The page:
Monday, February 23, 2015

Snowflake Watercolors

Like so many of us, we've definitely experienced our fair share of frosty weather this winter! Have you taken a moment to notice the shimmery snow crystals?  SJS Second graders have! 
We began by oohing and aahing over magical photographs in the book, The Secret Life of a Snowflake and then viewing  snow crystals on our Smart board.  It was exciting for the kids to see what snow flakes REALLY look like under a microscope. (Pretty cool for me, too!)  

Children discovered many geometric shapes hidden inside the overall design, and learned that every snow crystal begins as a hexagon. We were able to see lines of symmetry, too. 

It was time to make some art!
Children received a square white paper pre-drawn with six evenly spaced pencil lines radiating from the center. Using a black crayon, they learned to draw a geometric shape on one line, rotate their paper to the next line and repeat the shape again and again, until all six lines were complete.   Draw, rotate, draw, rotate, draw, rotate...  
They even learned a new art vocabulary word: radial.  Kids added new shapes until their beautiful radial design was complete. 
Frosty snowflakes call for cool, "frosty" colors so we naturally chose cool colors for the crayon resist painting.  I demonstrated how to paint with different values of the same color and stressed keeping colors symmetrical, also.  Some children sprinkled a tiny bit of salt crystals over the wet watercolor as a finishing touch.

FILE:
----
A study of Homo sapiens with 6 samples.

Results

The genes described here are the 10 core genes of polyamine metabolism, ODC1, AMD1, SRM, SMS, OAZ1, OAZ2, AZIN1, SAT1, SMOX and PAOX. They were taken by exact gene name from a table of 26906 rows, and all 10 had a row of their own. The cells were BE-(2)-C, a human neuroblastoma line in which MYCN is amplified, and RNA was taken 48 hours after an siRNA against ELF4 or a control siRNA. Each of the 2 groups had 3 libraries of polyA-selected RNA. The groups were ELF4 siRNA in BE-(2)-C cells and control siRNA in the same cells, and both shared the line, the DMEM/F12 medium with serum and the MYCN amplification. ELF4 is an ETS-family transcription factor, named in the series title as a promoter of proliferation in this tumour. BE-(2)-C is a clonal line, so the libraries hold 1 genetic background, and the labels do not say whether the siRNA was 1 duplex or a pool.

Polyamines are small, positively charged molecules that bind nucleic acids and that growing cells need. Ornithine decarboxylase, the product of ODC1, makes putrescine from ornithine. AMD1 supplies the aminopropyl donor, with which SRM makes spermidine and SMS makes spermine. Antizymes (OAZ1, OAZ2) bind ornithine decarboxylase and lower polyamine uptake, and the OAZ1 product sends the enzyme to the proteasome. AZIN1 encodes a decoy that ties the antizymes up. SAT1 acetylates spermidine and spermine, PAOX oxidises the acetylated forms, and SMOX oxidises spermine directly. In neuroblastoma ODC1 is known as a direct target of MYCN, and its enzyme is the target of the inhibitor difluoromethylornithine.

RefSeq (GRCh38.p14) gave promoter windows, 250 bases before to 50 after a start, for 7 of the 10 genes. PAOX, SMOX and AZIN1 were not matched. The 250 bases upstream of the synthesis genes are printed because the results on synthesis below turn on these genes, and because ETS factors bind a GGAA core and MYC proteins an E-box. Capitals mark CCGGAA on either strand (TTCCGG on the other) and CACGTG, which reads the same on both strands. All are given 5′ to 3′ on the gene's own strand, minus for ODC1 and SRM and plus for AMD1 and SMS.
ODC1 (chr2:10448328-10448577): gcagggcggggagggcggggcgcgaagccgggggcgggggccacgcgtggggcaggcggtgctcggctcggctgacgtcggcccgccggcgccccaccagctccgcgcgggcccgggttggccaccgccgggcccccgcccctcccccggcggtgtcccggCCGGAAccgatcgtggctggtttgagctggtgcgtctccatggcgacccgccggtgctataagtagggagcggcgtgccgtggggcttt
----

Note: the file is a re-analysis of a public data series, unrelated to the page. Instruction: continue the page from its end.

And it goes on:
Art, science, math... magical!

Sunday, February 8, 2015


  It's the little things in life that can make someone's day. Don't you think? 
Here are a few examples that made my week awesome: 
Last Monday, kindergarteners finished learning to observe and paint a cardinal. 
Here's the lesson from last year.  Fortunately for us, multiple cardinals fluttered outside our art room bird feeder during both kindergarten art classes.  What were the chances of that?  We all gathered around the small window, full of curiosity and excitement, directly observing colors, shapes, features and movement. It sure was much better than looking at a photograph on the Smartboard!

Unbeknownst to me, one boy went home, observed many other pictures of birds and drew. And drew. And drew some more.  What more could an art teacher ask for? (Thanks to his mom for sharing the photo)

 Two former students, smiling young ladies, returned at the end of the day to pick up a younger sibling and took time to chat with me.  That would have been enough right there!  However, one tells me, that she's really good at a pop trivia app called "Trivia Crack".  She aces all the art questions and tells friends it's because of her grade school art teacher!  I'll take it. Yet another reason why art is relevant in the 21st century!